Egyptian regime launching more politically motivated arrests

Abdo Fayed, a political researcher specializing in international relations has been arrested in mid-night and forcibly disappeared.

Fayed’s family have said they tried to send telegrams to the attorney general to know Abdo Fayed’s whereabouts but have heard nothing until now.

According to other social media users, Abdo Fayed had made a number of comments on the situation of doctors in Egypt, who have reported they do not have full access to PPE, isolation beds and are being dismissed and threatened if they complain.

Abdo was arrested at the same time as pharmacist Mohamed Helmy Goda, 36, was taken from home in Faisal, Giza, and also forcibly disappeared until now, according to the Freedom Twitter account, which advocates the rights of political prisoners.

It has also been reported that Neveen William, who administered the Facebook group “No to the Suez road toll”, has been arrested.

At the beginning of May, the National Road Company of the Egyptian Army began collecting road tolls on the Cairo-Suez Desert Road which generated anger among the residents of several luxury housing complexes which had to pass through it to leave or return home.

On top of the fact that they face a corrupt justice system in Egypt, where prisoners are tried in mass trials, held on pretrial detention and systematically tortured, the families of the arrested have to contend with the added worry of the coronavirus pandemic.

Throughout the COVID-19 crisis, family members and experts have called on the Egyptian regime to release political prisoners to ease overcrowding in fear the virus would easily spread among prisoners.

Detainees in Egypt are kept in tiny cells many times over their capacity and are forced to share hygiene tools. They are regularly denied medical attention.

Earlier this week Mohamed Ghamry became the eighth Egyptian to die in detention this month after prison authorities failed to tend to his high temperature.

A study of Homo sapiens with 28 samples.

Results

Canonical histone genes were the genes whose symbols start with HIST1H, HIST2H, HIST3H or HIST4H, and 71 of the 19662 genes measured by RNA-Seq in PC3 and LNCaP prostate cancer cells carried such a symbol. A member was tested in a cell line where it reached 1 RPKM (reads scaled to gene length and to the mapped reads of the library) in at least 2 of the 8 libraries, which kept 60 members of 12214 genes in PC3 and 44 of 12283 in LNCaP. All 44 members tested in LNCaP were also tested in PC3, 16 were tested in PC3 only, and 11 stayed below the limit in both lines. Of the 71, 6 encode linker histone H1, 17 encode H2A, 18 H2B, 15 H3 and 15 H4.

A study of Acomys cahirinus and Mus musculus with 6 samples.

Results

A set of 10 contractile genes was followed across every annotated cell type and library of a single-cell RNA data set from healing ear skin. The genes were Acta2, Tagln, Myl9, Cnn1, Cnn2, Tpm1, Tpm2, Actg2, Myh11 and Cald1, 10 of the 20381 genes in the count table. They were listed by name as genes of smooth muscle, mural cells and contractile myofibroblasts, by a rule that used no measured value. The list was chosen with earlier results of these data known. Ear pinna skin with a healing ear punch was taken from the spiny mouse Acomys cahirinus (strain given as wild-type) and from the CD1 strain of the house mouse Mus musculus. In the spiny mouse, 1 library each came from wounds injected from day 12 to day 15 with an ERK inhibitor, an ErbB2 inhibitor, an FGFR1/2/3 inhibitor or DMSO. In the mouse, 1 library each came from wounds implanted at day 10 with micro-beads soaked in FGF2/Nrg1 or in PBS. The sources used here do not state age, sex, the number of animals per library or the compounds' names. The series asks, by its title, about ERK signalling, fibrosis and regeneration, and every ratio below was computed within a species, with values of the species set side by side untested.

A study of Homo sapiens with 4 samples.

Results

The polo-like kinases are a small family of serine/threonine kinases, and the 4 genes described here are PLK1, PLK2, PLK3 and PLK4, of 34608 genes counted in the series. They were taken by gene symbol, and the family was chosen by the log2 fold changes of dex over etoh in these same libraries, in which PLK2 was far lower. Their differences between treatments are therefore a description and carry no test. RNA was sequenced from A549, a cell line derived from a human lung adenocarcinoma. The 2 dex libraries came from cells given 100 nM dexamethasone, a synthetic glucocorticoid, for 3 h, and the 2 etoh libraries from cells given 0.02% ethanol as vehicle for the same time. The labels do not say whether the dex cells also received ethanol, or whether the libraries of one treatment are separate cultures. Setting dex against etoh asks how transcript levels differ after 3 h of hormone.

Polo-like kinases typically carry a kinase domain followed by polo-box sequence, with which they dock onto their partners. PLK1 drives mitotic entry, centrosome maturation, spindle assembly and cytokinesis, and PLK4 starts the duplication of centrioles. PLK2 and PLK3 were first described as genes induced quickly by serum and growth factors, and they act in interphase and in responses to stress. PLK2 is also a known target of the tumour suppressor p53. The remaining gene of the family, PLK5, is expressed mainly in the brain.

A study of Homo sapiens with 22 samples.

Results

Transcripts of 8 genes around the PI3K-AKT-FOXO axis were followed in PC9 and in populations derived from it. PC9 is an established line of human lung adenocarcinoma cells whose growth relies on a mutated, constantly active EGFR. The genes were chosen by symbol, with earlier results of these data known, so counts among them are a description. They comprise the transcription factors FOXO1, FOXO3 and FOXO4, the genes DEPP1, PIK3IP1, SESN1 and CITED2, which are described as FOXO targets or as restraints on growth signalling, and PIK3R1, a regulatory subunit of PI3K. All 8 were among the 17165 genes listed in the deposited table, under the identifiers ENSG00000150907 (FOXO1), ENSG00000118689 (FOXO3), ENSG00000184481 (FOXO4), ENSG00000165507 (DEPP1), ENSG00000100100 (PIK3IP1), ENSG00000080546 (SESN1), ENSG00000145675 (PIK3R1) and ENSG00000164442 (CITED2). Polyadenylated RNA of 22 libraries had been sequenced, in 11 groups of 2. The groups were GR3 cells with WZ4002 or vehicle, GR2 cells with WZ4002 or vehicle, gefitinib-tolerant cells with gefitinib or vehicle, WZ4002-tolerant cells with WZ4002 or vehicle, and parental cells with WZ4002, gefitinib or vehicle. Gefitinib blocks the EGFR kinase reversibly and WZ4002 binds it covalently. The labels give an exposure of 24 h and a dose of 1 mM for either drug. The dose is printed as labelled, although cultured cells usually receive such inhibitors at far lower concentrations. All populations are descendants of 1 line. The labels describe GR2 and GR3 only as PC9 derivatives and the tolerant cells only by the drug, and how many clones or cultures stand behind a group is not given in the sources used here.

According to the Shehab Centre for Human Rights, Ghamry, who was being held in Belbeis Police Station, had a high temperature and warned that other cellmates have similar symptoms. Rights groups have warned that other detainees are displaying similar symptoms.

Earlier this month the Geneva-based Committee for Justice (CFJ) reported that another detainee at Belbeis Police Station had died from suspected coronavirus.

At the time, CFJ reported that at least four detainees were suffering from COVID-19 symptoms including respiratory distress and high temperature, indicating prison authorities are not taking appropriate measures to protect or test them.

Detainee Ibrahim Mohamed Al-Daleel Okasha also died earlier this month in a hospital in Sharqiyah Governorate after being transferred there from Hahya Police Station. Ibrahim had a high temperature, a severe cough and suffered severe respiratory distress.

CFJ said authorities have failed to reveal the true cause of his death.

On 2 May Egyptian filmmaker Shady Habash died in Tora Prison after his health deteriorated and he was not given medical help.

The circumstances under which these detainees died contrasts starkly with authorities’ decision to release 3,000 prisoners this weekend under an Eid presidential pardon, including those that had been jailed for theft, prostitution and fraud.

Politicians from across the world have been putting pressure on the regime to release Egypt’s 60,000 political prisoners to ease overcrowding amid the coronavirus pandemic.

Detainees are kept in overcrowded cells, have little access to sunlight and fresh air and often have to share hygiene tools. Since the start of the covid pandemic they have been denied visits from lawyers and family members.

At the beginning of May, US Secretary of State Mike Pompeo urged Egypt to keep American citizens in prison safe during the pandemic.

In March Ilhan Omar and Rashia Tlaib were among eight members of Congress who wrote a letter to the US-Egypt ambassador to draw attention to the dire plight of Egyptian political prisoners.

In January Mustafa Kassem became the first American citizen to die in Egyptian prison from medical negligence.

On Wednesday Egypt’s Health Ministry reported 910 new coronavirus infections, its highest single day figure recorded so far since it announced its first case on 14 February.

Egypt’s Sisi pardoned some 3,000 prisoners on Eid, but did not include political prisoners on the list. Among those released was the former policeman Mohsen Al-Sukkari who killed a Lebanese pop singer in 2008 on the orders of business mogul Hisham Talaat Mustafa.